The second event at the conference was Deep Democracy Experience with Myrna Lewis & Malina Baranowska. A DIALOGUE involving all 85 participants.
The participants were youth from many European countries ranging in ages from their early twenties to their early forties, some having just left school, most having recently completed their academic training courses.
The Lewis Method of large-scale dialogue known as the dynamic dialogue or the soft shoe shuffle, enables all members to be involved and to have their voices “seen” or heard. The method encourages participants to stand next to statements that they agree with, moving from one statement to another, reflecting the statement that they agree with. The method encourages people to change their minds i.e. not to stand in one spot and feel that they need to hold onto their view. Should they hear something they prefer, they should be encouraged to move to a new position. Through using this fluid method, opinions begin to take place in a large group and inevitably, a polarization of views occurs. At this stage another step in the method is applied namely the debate or argument or conflict.
The terms ‘debate’, ‘argument’, or ‘conflict’ suggest tension and there tension does arise due to the differences of opinion. However, the structured manner in which the argument takes place ensures safety and can be fun, releasing tension and creating enjoyment.
There are four steps in the process:
- agreeing to go into the process and making of safety rules
- strong stating of the views from the different sides. The argument is between sides and not between people. The participants can move freely between sides. However, the sides state their views in a structured manner ensuring that people listen.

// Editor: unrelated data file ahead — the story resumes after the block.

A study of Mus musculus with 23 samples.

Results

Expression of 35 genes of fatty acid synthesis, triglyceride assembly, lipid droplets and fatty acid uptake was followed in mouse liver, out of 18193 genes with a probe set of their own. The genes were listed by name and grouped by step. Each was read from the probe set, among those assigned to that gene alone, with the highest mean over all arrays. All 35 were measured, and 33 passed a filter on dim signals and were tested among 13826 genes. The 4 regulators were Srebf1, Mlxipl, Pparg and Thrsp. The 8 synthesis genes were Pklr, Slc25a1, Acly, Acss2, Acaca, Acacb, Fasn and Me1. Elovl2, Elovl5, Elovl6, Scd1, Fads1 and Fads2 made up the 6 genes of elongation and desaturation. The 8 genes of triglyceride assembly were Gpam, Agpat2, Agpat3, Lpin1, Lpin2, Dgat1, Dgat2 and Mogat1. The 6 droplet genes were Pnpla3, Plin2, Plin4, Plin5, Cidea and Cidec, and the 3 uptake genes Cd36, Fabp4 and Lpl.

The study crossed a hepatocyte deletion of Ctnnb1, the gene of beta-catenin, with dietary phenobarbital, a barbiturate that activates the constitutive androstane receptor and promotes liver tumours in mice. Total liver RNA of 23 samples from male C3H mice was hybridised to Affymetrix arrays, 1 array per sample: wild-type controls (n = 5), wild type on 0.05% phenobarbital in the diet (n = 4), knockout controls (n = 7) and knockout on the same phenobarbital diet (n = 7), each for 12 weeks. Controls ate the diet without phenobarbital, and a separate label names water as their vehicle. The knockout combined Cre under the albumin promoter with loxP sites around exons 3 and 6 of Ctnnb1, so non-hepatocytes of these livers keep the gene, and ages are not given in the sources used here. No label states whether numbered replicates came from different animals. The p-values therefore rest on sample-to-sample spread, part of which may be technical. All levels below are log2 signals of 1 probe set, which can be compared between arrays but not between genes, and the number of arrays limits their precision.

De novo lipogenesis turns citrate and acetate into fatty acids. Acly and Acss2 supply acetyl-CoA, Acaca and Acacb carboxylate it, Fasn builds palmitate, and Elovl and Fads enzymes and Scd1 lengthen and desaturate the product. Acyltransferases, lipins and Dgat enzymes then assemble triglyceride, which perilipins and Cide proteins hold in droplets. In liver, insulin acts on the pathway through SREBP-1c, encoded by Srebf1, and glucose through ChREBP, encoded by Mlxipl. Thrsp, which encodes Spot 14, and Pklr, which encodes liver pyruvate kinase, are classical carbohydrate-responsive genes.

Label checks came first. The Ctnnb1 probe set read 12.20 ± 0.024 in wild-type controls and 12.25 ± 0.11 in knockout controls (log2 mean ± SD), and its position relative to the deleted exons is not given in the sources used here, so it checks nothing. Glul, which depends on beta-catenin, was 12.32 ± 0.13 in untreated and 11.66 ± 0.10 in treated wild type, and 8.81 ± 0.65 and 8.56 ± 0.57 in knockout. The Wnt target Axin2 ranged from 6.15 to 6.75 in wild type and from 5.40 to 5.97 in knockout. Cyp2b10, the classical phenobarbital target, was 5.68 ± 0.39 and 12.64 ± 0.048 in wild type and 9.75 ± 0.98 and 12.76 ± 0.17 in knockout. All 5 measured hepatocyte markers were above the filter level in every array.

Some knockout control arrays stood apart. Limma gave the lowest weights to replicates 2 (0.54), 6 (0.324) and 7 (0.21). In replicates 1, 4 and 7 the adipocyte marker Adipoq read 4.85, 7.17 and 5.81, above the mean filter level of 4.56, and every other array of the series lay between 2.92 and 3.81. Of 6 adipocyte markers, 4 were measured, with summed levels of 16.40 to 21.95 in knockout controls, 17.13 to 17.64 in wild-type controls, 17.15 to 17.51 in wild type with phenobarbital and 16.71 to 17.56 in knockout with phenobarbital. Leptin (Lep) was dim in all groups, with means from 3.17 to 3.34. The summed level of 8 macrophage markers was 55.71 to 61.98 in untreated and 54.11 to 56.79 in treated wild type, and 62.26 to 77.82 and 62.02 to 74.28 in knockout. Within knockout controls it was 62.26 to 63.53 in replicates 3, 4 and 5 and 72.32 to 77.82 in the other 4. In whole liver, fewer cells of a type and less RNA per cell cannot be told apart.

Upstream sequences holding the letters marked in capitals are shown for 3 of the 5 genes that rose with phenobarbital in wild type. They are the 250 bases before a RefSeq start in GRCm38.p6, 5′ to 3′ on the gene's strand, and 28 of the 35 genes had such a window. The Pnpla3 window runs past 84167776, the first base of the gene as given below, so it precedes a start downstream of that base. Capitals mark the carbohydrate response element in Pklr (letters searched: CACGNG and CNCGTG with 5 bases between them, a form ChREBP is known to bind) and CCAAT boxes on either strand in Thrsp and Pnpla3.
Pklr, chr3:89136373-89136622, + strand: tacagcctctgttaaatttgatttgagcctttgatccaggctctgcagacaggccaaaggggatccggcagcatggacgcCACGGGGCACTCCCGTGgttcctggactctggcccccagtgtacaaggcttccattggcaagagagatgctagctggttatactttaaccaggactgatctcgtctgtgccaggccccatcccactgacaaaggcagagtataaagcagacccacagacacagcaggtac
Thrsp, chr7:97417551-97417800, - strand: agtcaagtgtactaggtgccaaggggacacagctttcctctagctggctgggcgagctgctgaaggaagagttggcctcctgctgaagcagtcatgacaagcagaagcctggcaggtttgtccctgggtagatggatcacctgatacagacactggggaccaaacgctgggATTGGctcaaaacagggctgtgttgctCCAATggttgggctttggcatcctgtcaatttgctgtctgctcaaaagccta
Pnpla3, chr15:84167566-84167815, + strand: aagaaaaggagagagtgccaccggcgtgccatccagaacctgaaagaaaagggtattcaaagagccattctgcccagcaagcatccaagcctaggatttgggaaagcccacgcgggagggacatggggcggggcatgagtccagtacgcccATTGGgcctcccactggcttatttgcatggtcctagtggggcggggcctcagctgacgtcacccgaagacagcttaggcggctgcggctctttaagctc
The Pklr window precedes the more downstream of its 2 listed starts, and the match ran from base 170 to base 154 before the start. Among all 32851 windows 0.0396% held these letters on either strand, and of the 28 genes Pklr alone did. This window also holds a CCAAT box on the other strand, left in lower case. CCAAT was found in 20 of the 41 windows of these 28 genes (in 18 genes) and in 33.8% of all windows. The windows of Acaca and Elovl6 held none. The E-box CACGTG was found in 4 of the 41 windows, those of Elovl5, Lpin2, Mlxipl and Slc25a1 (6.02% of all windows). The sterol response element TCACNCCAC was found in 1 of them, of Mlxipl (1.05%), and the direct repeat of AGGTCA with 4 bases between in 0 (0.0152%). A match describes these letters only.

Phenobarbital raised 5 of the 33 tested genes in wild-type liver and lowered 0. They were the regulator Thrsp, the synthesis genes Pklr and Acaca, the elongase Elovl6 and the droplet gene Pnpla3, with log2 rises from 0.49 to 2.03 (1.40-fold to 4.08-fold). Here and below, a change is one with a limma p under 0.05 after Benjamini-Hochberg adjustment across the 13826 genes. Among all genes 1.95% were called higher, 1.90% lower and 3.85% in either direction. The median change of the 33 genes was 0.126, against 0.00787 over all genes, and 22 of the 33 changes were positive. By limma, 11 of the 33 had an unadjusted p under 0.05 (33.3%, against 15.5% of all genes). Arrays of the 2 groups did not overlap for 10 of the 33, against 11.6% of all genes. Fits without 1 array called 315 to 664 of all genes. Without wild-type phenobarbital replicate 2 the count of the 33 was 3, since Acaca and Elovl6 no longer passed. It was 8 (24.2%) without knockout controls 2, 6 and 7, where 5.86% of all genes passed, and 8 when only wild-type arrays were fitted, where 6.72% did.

- gaining of insights, people are encouraged to reflect on the arrows and become aware of what ‘hit’ them i.e. what they had been surprised by, hurt by, or what had given them some insight. They are asked to recognize how they personally relate to what resonated with them thereby owning their projections. Individually and collectively, these insights represent the group’s wisdom of what underlies their differences.
- taking decisions on these new insights leading to creative and innovative solutions and buy in.
The youth began the discussion with the issue of establishing national identity versus eliminating national identity.
These were some of the insights gained in Step 3:
- We have strong opinions and we maintained these opinions. We found it difficult to cross sides reflecting how we are not truly open to the opinion of others and we do not want to listen to the other side.
- That we are privileged and have not lived through a war or major conflict. Although we sympathise with refugees, we do not know what their lives have been like. We have not even felt what it was like to travel with a passport that did not allow you the freedom to enter where you wanted to go. We feel that we are privileged; we are safe and have "good" passports. We are ignorant, and naïve and need to learn more before we express our views so strongly.
- We need our voice to be heard to be part of a national community.
- We struggle being emotional about our nation’s achievements, because we do not feel they are our achievements or ours.
We did not complete step 4, as these were participants at a conference. However, I suggested that they strongly reflect on what shared wisdom was gained and that they make their own decisions accordingly.
The dialogue ended on this note. The positive feedback from the participants continued to filter through during the 3 days of the conference and many spoke to me afterwards of how the dialogue had impacted positively on them.
Issues debated by the other speakers:
A speaker from the Green party put forward a strong theme that the answers lay in returning to the basic building blocks of society i.e. going back to building community.
As I pointed out at the start, I do not know if the answer lies at this level. My own feeling is that these are complex issues and need to be examined and considered at each level.
For me the issue and the hope is in the wording “doing it together” or “dialoguing with the community”. These statements suggest that these dialogues can be easily achieved.
We need to know how to introduce the dialogue and to ensure that the dialogue does not become mired in entrenched sides with naming and blaming taking place but move to the point that each can find the answer within themselves.
It is not so much what needs to happen, but how:
To make sure that through well-facilitated dialogue we can make it possible that what needs to happen is uncovered, the voices of every-one heard and the way forward towards the common good explored.